Essroc Cement’s New Fuel Raises Concerns

Essroc Cement Corp. is applying for an Indiana state environmental permit to burn liquid waste-derived fuel in one of its cement kilns in the unincorporated Clark County community of Speed, the News and Tribune reported. The fuel is repurposed from used products such as antifreeze.

Indiana Department of Environmental Management spokesman Barry Sneed said the agency has decided to hold a public hearing on the cement plant’s plans because of “several requests” for one, though it isn’t required to do so. A date has not been set.

Sneed also stated that the Indiana Department of Environmental Management believes complying with permit requirements “will assure human health and the environment are protected.”

Essroc Corporate Environmental Engineer Luis Rodriguez said the company welcomes the public’s questions. The company hosted an open house and talked with community leaders in 2014 before it submitted its application.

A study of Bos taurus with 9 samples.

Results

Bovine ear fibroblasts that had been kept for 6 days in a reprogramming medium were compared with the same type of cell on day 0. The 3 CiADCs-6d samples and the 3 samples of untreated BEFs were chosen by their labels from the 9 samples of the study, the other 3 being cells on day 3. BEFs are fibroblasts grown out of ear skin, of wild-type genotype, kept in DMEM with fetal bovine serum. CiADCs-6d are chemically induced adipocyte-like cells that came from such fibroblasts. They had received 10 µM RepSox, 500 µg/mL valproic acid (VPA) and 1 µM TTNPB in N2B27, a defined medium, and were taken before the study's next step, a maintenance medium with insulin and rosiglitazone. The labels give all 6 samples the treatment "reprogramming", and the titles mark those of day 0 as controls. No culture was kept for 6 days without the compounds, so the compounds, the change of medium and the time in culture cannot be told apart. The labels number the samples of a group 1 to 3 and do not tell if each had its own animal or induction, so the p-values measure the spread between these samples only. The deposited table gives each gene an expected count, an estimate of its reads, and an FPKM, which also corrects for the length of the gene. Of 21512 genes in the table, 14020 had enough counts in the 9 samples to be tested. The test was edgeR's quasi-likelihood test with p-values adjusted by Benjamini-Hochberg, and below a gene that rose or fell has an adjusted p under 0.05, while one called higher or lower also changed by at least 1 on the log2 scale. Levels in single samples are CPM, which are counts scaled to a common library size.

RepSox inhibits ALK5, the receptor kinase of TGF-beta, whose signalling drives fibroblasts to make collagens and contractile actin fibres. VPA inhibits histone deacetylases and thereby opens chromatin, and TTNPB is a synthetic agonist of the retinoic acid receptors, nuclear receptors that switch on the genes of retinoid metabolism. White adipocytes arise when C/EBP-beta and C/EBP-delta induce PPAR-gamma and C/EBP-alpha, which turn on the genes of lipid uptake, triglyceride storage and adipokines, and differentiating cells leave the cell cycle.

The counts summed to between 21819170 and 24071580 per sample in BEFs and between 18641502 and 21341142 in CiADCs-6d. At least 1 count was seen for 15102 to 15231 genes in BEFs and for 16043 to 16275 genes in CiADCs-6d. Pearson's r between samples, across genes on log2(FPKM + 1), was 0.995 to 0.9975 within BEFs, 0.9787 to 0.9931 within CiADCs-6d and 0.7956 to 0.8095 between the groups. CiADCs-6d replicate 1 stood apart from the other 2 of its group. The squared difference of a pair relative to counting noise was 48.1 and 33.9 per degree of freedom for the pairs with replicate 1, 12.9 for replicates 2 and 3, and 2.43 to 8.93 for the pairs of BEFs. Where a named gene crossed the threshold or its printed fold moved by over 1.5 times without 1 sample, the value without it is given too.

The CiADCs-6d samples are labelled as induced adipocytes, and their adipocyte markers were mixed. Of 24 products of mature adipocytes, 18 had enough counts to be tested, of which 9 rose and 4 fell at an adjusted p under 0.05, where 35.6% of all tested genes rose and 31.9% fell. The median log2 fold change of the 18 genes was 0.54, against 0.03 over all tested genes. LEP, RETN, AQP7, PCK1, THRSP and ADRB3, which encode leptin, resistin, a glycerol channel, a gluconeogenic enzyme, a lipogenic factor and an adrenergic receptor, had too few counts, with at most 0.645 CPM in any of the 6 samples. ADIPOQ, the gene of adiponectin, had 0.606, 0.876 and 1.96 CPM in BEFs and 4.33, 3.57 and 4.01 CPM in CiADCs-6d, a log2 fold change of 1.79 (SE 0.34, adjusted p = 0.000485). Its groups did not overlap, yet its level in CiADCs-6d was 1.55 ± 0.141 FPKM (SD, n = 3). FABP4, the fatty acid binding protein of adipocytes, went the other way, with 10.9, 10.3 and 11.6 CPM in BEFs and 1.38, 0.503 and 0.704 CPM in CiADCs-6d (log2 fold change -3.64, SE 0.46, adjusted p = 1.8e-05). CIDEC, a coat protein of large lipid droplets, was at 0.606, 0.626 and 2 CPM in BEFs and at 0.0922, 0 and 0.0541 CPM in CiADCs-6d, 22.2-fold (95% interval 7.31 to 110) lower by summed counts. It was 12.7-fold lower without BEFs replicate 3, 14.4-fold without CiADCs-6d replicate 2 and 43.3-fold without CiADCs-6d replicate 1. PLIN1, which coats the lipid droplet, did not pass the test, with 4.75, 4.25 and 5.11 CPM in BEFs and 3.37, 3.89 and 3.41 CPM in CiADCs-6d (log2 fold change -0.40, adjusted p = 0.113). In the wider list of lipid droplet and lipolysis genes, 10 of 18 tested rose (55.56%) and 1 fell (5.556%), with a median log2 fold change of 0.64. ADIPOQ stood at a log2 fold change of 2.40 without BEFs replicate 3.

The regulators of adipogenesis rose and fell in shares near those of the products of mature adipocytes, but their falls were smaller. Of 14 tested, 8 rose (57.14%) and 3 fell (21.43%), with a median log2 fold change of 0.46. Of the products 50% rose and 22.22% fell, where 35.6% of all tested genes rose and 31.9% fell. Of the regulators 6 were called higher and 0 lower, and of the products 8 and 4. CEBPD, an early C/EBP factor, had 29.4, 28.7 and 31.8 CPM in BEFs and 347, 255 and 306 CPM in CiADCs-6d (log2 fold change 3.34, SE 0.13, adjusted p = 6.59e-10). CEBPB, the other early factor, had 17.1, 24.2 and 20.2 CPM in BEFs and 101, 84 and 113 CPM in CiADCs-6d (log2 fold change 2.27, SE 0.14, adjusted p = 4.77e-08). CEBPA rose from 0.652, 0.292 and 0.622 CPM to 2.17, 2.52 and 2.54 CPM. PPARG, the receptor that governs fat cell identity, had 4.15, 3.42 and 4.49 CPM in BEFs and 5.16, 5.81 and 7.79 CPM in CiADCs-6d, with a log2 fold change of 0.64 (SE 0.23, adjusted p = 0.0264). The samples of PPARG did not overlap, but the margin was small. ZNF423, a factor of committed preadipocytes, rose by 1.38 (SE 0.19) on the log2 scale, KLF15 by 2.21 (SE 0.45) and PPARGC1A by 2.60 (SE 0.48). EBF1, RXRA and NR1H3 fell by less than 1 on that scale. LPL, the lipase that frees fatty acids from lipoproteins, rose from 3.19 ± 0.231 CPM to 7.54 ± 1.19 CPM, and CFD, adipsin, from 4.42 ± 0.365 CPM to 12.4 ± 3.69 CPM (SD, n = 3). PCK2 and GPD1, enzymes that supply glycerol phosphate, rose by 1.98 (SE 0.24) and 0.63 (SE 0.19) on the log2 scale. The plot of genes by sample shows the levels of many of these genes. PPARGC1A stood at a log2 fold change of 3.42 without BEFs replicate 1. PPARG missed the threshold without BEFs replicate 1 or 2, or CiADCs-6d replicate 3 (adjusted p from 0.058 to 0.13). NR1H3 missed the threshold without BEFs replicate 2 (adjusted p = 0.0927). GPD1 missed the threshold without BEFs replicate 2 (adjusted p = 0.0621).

“We actually want it to go to public comment so we can answer some of these questions,” Rodriguez said. “We’ve wanted to be as upfront on this as possible.”

Liquid waste-derived fuel is commonly used in the cement industry. Mike McHugh, the Speed plant’s director, said Essroc plans to use products mostly from the petroleum industry, such as paint thinners, antifreeze and acetone. The plant will have to build two small storage facilities for it to start replacing about 25 to 30 percent of the coal it burns with liquid waste-derived fuel.